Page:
I promise to stop comparing the games I review to Jetpack Joyride, Angry Birds and Doodle Jump just as soon as developers promise to stop borrowing form them so heavily. At least FDG Entertainment makes no bones about it in their latest, Captain Antarctica and Captain Antarctica HD. They even pay homage to Halfbrick with a cute fruit-themed jet upgrade, but we’ll get to those in a moment. For now, suffice it to say that this simple little auto runner (or diver more aptly), has its hero, (a penguin I assume you’ve gathered by the name), plunging ever-downward in an Angry Birds-like revenge fantasy, all while gobbling fish and avoiding baddies. It’s a wee little adventure with nothing particularly new, but it arranges the familiar features of popular iOS endless runners into a level-based game that’s fun while it lasts.
There’s a backstory about a penguin with kidnapped loved ones to avenge or rescue and something about an inventor, but it hardly matters. All that you need to know to plunge on in is that the game uses very responsive tilt controls, (or mediocre finger-wearying touch controls if you prefer), to steer Captain Antarctica through ever-more perilous undersea worlds. Think Doodle Jump in reverse. With brakes.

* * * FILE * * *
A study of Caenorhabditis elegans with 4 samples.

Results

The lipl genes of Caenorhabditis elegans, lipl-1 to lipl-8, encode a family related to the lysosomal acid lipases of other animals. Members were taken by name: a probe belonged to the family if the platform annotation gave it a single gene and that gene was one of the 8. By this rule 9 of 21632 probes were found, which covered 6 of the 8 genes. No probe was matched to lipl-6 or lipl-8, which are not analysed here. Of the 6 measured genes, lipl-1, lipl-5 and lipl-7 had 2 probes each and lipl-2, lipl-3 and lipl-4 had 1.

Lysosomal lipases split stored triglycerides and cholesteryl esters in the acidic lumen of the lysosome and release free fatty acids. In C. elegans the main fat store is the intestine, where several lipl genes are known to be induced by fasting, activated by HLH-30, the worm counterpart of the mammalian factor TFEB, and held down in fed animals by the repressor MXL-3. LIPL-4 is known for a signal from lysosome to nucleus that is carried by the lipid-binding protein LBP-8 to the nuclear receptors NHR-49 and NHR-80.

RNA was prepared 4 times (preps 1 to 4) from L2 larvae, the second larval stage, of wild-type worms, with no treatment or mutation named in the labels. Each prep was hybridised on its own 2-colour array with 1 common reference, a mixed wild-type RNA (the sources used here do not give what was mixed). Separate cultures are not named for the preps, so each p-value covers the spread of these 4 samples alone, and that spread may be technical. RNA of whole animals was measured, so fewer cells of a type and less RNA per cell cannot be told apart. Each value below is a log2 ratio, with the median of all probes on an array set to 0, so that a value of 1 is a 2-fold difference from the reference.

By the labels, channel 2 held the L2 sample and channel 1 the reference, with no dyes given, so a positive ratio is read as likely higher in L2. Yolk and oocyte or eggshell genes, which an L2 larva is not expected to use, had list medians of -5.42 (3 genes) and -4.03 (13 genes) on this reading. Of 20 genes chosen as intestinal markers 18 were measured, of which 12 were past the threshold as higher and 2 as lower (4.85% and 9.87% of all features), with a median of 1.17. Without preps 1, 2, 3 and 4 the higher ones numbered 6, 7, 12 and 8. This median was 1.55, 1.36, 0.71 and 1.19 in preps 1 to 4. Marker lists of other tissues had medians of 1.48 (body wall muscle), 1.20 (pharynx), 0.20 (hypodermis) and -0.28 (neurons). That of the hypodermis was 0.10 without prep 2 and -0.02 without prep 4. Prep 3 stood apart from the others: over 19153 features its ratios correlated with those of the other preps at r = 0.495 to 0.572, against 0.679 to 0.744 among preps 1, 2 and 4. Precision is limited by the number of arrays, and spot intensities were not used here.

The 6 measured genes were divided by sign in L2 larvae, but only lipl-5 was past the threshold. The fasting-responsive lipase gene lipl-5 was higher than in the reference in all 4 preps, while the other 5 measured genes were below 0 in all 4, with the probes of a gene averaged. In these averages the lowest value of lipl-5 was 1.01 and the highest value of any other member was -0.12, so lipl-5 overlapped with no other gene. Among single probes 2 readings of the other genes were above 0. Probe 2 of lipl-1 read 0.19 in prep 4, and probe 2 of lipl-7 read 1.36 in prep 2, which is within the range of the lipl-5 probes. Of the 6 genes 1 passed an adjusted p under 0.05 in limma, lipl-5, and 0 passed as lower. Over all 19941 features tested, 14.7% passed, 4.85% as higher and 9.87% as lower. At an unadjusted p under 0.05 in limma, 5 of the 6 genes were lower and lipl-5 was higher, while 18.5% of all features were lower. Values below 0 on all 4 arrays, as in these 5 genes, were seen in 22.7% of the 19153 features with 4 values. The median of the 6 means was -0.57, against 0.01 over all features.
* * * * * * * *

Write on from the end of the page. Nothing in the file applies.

Like Jetpack Joyride there are missions to complete, but here’s where the game takes a nice twist using them in lieu of stars (or some other threesome) in the progression formula. Instead of simply adding replay value to endless runs, a certain number must be under your diving belt before you unlock the next chapter. That, at least, is novel.
There are boatloads of unlockables and power-ups, none especially inventive, like fish magnets, (fish serve as the means of securing both propulsion and in-game currency), extra lives, shields, and level-specific boosts, not to mention the apparently requisite assortment of cosmetic “jets” to propel the Captain to new depths in style. There are in-app purchases, (of course), but earning the upgrades needed to succeed isn’t very hard. The dedicated will accrue enough for the bling in short order.
Short is the big issue with Captain Antarctica, as in it’s too short. It takes well under two hours to unlock all the chapters and the only replay value comes from completing the missions, as only partial success is required to move along. There is nothing to dislike about Captain Antarctica per se, but nothing exceptional to recommend it either. It riffs on a tried and true formula with polished graphics and a jaunty theme song, and if uncomplicated vertical scrollers are your thing, it’s worth checking out. But don’t expect this game to chart new depths of iOS gaming; it safely treads shallow waters.